North

Baffinland abandons plans for 10-month shipping from Milne Inlet

Baffinland Iron Mines has decided not to pursue its request for 10-month shipping from Milne Inlet. The controversial proposal had Nunavut hunters worried over access to hunting grounds.

Company cites community concerns for changing its stance

A view of Baffinland Iron Mine's camp at Milne Inlet in Nunavut in August 2014. (Baffinland)

Baffinland Iron Mines is abandoning its plans for 10-month shipping from its Milne Inlet port near Pond Inlet, Nunavut.

In an update sent to the Nunavut Impact Review Board on Wednesday, the company said it was listening to community concerns and would remove its request to seek approval for shipping from June to March, as part of its larger proposal to triple the mine's capacity.

"In response to community input, Baffinland will make every effort to ship ore during the open water season," the report reads.

"Baffinland has listened to the communities and has committed to optimize shipping though open water and remove the request to seek approval to ship during critical months identified by the communities."

The company is still looking to extend its shipping season, though. Right now the project certificate allows the company to ship from June to October, but Baffinland wants to ship from July 1 to Dec. 31.

Still, the contentious months concerning many hunters in Pond Inlet were in the winter and spring, when hunters use the sea ice to access hunting grounds for food. Hunters were worried breaking the ice through the Eclipse Sound would make it volatile to travel on and cut them off from said hunting grounds.

"I'm pleasantly surprised and pleasantly shocked of the news that you just conveyed to me," Tununiq MLA Joe Enook said when contacted by CBC News.

"It seems at least, that Baffinland is trying to listen to the community of Pond Inlet, and have listened to our concerns about shipping year round. Now, I've known about this for about five minutes, so let me read the report and everything else that comes with it. But initially I am pleasantly surprised."

Baffinland Iron Mines has decided not to pursue its request for 10-month shipping from Milne Inlet. (CBC)

The company says since submitting its initial proposal in 2014, it's gained experience on how to operate the mine, and learned a lot about community concerns.

"If we hadn't have made any changes in two years time, and obviously we would have liked it if the process moved a lot faster than this, well we wouldn't have been doing our job and we wouldn't have been listening to the communities," said Todd Burlingame, Baffinland's vice-president of sustainable development.

"In the last two years, we haven't just been sitting on our hands. We've been sharpening our pencils and trying to come up with a better project, and I believe we have."

Ministerial exemption still valid, Baffinland argues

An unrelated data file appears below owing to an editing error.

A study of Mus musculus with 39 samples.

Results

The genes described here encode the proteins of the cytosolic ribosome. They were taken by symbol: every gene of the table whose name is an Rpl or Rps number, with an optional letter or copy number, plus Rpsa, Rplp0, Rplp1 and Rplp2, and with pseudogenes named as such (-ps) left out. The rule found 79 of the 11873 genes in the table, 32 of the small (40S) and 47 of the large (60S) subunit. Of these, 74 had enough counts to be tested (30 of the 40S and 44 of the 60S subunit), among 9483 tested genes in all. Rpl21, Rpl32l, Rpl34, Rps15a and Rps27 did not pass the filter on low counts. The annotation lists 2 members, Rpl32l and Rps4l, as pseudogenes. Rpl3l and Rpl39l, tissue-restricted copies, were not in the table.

While Baffinland has dropped its request for 10-month shipping, it's still seeking approval for its railway plans as part of its Phase 2 proposal. The company argues its ministerial exemption from former Indigenous Affairs minister Bernard Valcourt is still valid, because this latest update doesn't constitute a big change in their plans, and calls for less disruption. 

In April 2015, the Nunavut Planning Commission rejected Baffinland's proposal for 10-month a year shipping saying it was too disruptive to wildlife. It asked the company to revise its plan, or apply for a ministerial exemption from the North Baffin Land Use Plan.

Baffinland chose the latter, and was granted its exemption by Valcourt to take its proposal straight to the NIRB.

But when Baffinland made its railway pitch in February 2016, the Qikiqtani Inuit Association suggested that NIRB needed to check on whether the new pitch constituted a big enough change to warrant a new ruling by the Nunavut Planning Commission, thus restarting the process.

Incoming Indigenous Affairs Minister Carolyn Bennett essentially left the decision in NIRB's hands, and NIRB asked for Baffinland to give an update to its proposal — which came on Wednesday, rolling back the shipping request. Baffinland says that's still not enough of a change to their plans to restart the process.

"What we've tried to say in this update is it scopes down the overall project, as opposed to scoping it up," Burlingame said.

The next step in the process is NIRB will have to make a ruling on whether the railway pitch from February is a significant enough change from the proposal to need to go back before the Nunavut Planning Commission.

ABOUT THE AUTHOR

Nick Murray is a CBC reporter, based in Iqaluit since 2015. He got his start with CBC in Fredericton after graduating from St. Thomas University's journalism program. He's also worked three Olympic Games as a senior writer with CBC Sports. You can follow Nick on Twitter at @NickMurray91.